A season round-up by Christopher Sirota
Photo provided by Andrew Liebowitz/WrightGroupNY
Hansel & Gretel
Often in both film and theater intended for children, directors lose track of this goal in the hope for a wider audience. Such was my experience last Saturday night during the Bronx Opera’s performance of Engelbert Humperdinck’s Hansel and Gretel. This 19th century German light opera, was performed in English with a solid cast of singers, recounting the famed story that warns kids who are tempted by strangers and their “candied houses.”
Of particular note was Gretel played by soprano Allison Pohl, whose sparkling voice was coupled by an equally sparkling face of various emotions. Hansel, female-casted, played by Jennifer Caruana also held her own. Also holding it’s own was the set by Meganne George, and lighting by Joshua Rose which included flying witch silhouettes, and colorful forests.
Outstanding, as always with the Bronx Opera was the full orchestra, enthusiastically conducted by Michael Spierman. Unfortunately, the Engelbert Humperdinck score did not enthrall me much, not being dynamic in progression nor affording much excitement for the singers, which is not the fault of any of the performers. Lastly, although the audience was full of children, I don’t think they were given instruction on proper behavior during an opera…for kids! No cheering or applause when (spoiler alert?) Hansel and Gretel triumph over the witch in the end?!
Next time, I would recommend that the directors also direct their young unfamiliar modern audience so that they feel comfortable engaging with the show, and possibly have a Q&A with the performers afterwards. Overall, though the singing was enjoyable, and the volume of the orchestra better than other performances in allowing us to hear the singers, I would need to add that the acting did not amuse as intended, nor was it scary when needed. In other words, nothing was over the top nor serious enough…just ambiguous. Thus, going for a wider audience results often, in my opinion, in missing an audience.
—————————PREVIOUSLY THIS SEASON FROM THE BRONX OPERA
Ralph Vaughn Williams’ rarely seen
The Poisoned Kiss
I wasn’t fully prepared for what I was about to see and hear, in both a good way and sometimes not so good. Last night I attended Ralph Vaughn Williams’ rarely seen “The Poisoned Kiss” by The Bronx Opera at the Kaye Playhouse. I knew ahead of time that the plot of the “The Poisoned Kiss” was fairy-tale-ish, and shouldn’t be taken too seriously, which is fine. And as I had hoped, the director and stage director, Michael and Benjamin Spierman and the cast also completely agreed…or so I thought….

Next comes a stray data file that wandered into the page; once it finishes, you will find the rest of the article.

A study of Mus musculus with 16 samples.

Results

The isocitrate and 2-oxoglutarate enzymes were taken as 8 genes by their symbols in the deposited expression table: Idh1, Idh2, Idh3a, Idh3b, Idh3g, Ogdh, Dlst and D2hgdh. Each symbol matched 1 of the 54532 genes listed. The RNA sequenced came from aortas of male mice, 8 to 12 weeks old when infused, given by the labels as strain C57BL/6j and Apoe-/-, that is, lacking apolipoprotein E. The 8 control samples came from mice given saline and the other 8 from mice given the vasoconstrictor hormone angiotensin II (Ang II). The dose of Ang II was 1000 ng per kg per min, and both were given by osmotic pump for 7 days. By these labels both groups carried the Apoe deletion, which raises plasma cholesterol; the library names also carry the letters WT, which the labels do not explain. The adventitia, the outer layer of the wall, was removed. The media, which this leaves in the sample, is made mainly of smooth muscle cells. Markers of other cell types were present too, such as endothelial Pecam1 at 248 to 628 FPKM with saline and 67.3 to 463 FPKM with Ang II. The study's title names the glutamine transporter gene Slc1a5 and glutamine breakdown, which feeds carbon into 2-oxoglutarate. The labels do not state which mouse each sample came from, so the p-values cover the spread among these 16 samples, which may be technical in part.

“The Poisoned Kiss” is a light opera, first performed in 1936 when competition for entertainment included that mild distraction in human cultural history called the motion picture. To give you an idea, Astaire/Rogers films were already tapping into people’s hearts. So, it makes sense that this operetta should be airy, and fun in order to entertain the crowds. The story includes a prince and princess, an empress and magician and lots of magical folk; everything needed for lots of perky love stories to go awry. So it began with a soaring overture performed by an awesome orchestra, electrically conducted by Michael Spierman. The score was film-like, being both dynamic and multi-colored…not sounding dusty at all, in fact, quite “movie modern” for 1936.
Next came Jeremy J. Moore delighting the audience with his “stiff upper lip” British delivery of his lines, and rich voice as the Prince’s attendant. Yes, this operetta is sung in English, and has loads of silly-on-purpose, rhyming dialogue in between songs. Here was lots to play with, and often it was successful at making the audience laughing frequently. I laughed sometimes unexpectedly.
However, piercing through the difficulty were Richard Bozic and Leslie Swanson’s emphatic performances as the magician and empress.
Hannah Rosenbaum as the princess had a sweet voice, and Kirk Dougherty was a fine prince as well. The supporting cast of hobgoblins, mediums and the rest were lively, and were successful at competing with the volume of the music, so it was refreshing to hear them when they appeared.
From all the cast members, and I guess I mean from the directors first and foremost, I wanted more fun, over-the-top performances. Already the music was lively, and the singers were funny, but I constantly felt it was 3/4 when it should have be 4/4. A double-take needs full fun, not a mild one…however, of unexpected shining distinction, was the maid. Yes, the maid did it…and funny she was, the mezzo-soprano Cabiria Jacobsen. Her comic timing, delivery, and edgy voice truly proved the antidote.